The idea of vouchers and charter schools raises an old question for Hamilton County school board member Jeffery Wilson: Would they lead to unequal educational outcomes?
Wilson, who represents District 5, said at the county PTA's annual legislative forum that state lawmakers need to be aware of Hamilton County concerns including vouchers, and charter schools and school equity.
"What should happen, whether you live in Orchard Knob or Soddy-Daisy or Hixson, your education should look similar across the board," Wilson said.
"What happens is, unfortunately, some of these schools they have different resources. They're in the same county, but that educational experience looks totally different. You don't want that to be the case, but that's the reality," he said.
Only three legislators -- state Sen. Bo Watson, Sen.-elect Todd Gardenhire and state Rep. Richard Floyd -- attended the PTA forum. They fielded questions about a possible school voucher program and improvements to schools, but said they didn't have many answers.
LaFrederick Thirkill, principal at Orchard Knob Elementary School, raised accountability concerns about vouchers, which would use tax dollars to pay for students to attend private and religious schools.
"When tax dollars from the public are used to send students to nonpublic schools, what accountability is in place to assure quality education?" he asked. "With public education, we have the state report card. However, findings for nonpublic schools are not reported in the same way."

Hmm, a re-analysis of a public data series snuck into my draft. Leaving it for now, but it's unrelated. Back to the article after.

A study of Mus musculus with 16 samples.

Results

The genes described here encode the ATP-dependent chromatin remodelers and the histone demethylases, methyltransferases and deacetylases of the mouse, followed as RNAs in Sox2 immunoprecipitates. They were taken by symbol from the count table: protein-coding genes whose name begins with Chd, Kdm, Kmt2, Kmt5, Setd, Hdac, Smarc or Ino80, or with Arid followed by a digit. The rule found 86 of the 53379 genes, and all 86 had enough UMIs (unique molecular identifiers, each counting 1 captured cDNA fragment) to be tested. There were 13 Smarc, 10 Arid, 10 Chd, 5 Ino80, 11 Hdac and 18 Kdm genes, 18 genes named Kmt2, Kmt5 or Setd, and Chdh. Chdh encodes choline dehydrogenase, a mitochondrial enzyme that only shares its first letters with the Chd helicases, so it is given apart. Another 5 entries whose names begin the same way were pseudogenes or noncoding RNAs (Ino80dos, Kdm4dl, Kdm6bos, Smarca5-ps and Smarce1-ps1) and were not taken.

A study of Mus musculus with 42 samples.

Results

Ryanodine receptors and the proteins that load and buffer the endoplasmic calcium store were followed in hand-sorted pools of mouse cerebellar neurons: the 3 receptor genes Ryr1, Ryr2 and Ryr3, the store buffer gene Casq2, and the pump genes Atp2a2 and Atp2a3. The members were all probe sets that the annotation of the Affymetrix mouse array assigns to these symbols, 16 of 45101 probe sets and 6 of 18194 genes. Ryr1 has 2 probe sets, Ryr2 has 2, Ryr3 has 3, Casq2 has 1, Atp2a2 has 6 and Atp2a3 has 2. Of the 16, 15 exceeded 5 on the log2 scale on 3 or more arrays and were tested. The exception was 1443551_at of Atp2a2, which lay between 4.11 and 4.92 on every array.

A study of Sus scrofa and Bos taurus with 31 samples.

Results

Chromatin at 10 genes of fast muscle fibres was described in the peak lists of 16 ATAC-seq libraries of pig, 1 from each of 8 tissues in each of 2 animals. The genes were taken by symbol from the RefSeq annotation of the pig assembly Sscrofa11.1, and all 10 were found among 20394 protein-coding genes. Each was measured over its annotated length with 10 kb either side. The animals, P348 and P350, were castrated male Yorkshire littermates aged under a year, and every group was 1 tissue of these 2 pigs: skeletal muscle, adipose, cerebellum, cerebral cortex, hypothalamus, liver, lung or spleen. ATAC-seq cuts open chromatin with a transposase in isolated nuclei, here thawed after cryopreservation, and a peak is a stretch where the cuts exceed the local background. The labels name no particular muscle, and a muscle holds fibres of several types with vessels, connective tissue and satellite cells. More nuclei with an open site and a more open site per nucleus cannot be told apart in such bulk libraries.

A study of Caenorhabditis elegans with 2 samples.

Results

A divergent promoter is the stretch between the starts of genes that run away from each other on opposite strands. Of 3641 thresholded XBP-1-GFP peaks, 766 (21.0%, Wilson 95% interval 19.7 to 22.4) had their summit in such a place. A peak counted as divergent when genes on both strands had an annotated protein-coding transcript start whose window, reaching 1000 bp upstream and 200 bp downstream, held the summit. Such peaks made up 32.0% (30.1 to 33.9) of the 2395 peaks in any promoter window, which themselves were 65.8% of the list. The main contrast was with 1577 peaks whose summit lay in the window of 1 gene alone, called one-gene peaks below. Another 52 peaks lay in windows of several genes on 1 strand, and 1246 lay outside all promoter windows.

Watson said a voucher task force established by Gov. Bill Haslam presented several options, but there's been no lengthy conversation about the program and its funding.
"It's a good question, and a fair question, and it's a question the task force has tried to answer in their accountability section," he said. "There isn't a full agreement as to how that accountability will be measured. ...There are several options on the table."
Rep. Floyd openly supported the voucher program.
"I think every child needs everything we can do to give [them] the best shot at education," he said.
Thirkill said the state could do several things to improve education besides enacting an unproven voucher program, such as requiring Tennessee teachers to be nationally certified and putting stronger, more qualified teachers in schools.
"If you put a highly effective teacher in the classroom, students will be able to achieve," he said.
Watson said the state already is putting the most qualified teachers in classrooms, though national certification has been discussed in the Legislature.
Katherine Smith, a member of the Hamilton County PTA, asked what the state could do to avoid the inequities in schools across the county.
"Nobody is consistently going out to these schools and looking at what these schools need," she said.
The lawmakers said the state only serves as a "pass through" for funding, and that questions about local school improvements needed to be addressed by local officials.
Pointing to local school board members, in the room, Gardenhire said, "We pass things down to the local level."